Author : Travis Gregg
“Is this home yet?” his wife asked. This made him smile, the question had become an old tradition.
When they’d first landed in the densely forested planet, the first order of business was establishing a base camp. It was only after a few short nights of sleeping in the lander that the living hab was erected. That first night, when they were actually able to sleep in the hab unit, she’d asked him if they were home. Not yet, he had replied, not knowing exactly why he felt that way. He couldn’t quite put his finger on it, but in his mind this place was still just colony one.
The next major step was sustainable food and it had taken months for the agribots to clear off enough land to grow crops. The old Earth varieties wouldn’t survive, the bacteria in the soil was too radically different, but they’d brought specialized strains designed for the foreign soil. It was another couple of months until they were finally able to sit down and have a meal solely of food grown locally. The corn wasn’t really corn and the bread was an off color but it was close enough. Again she asked, is this home now? It still isn’t he’d replied, still not sure why.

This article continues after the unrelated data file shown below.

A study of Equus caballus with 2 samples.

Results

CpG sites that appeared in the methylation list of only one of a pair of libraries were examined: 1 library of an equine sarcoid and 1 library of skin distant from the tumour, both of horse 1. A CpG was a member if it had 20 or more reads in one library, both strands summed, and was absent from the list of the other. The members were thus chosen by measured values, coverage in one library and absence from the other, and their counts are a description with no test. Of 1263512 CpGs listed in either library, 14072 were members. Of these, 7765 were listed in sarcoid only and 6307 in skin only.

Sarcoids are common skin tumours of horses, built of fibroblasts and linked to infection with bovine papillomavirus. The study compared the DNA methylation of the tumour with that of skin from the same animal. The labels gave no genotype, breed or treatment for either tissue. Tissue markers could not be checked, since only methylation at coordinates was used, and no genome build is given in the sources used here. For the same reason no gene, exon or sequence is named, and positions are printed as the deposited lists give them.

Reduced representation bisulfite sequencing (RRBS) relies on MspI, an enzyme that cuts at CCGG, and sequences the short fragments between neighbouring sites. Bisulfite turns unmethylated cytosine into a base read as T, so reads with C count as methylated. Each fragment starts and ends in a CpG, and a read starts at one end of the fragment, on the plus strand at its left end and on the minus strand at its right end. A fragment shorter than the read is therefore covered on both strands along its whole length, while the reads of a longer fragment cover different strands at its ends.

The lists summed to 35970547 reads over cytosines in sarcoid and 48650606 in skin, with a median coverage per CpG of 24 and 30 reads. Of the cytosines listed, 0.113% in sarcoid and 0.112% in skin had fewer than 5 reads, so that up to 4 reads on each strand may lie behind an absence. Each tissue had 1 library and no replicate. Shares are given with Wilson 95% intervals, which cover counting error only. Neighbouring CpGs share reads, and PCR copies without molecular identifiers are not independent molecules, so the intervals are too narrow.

Over the next few years major projects were conceived and completed. The hydro dam started providing power, and they were finally able to erect the ansible station. Back on the galactic network, they were able to catch up on the years of events they’d missed. Up until then the burst messages from friends and family had been enough to get them by, but being able to walk his brother around the outpost with a live video stream was a night and day difference. Now that they were connected again, not so isolated, was this home now?
A decade had past, and finally feeling certain about the sustainability of their outpost, they brought the incubator hab online. The frozen embryos represented a vast genetic spectrum and in a few short months their family had grown. The small boy was no more a genetic relative to the man and woman than they were to each other, but looking at the new child, fresh from the artificial womb, the man replied, “I’m not sure if this will ever be home for us, but it is for him.”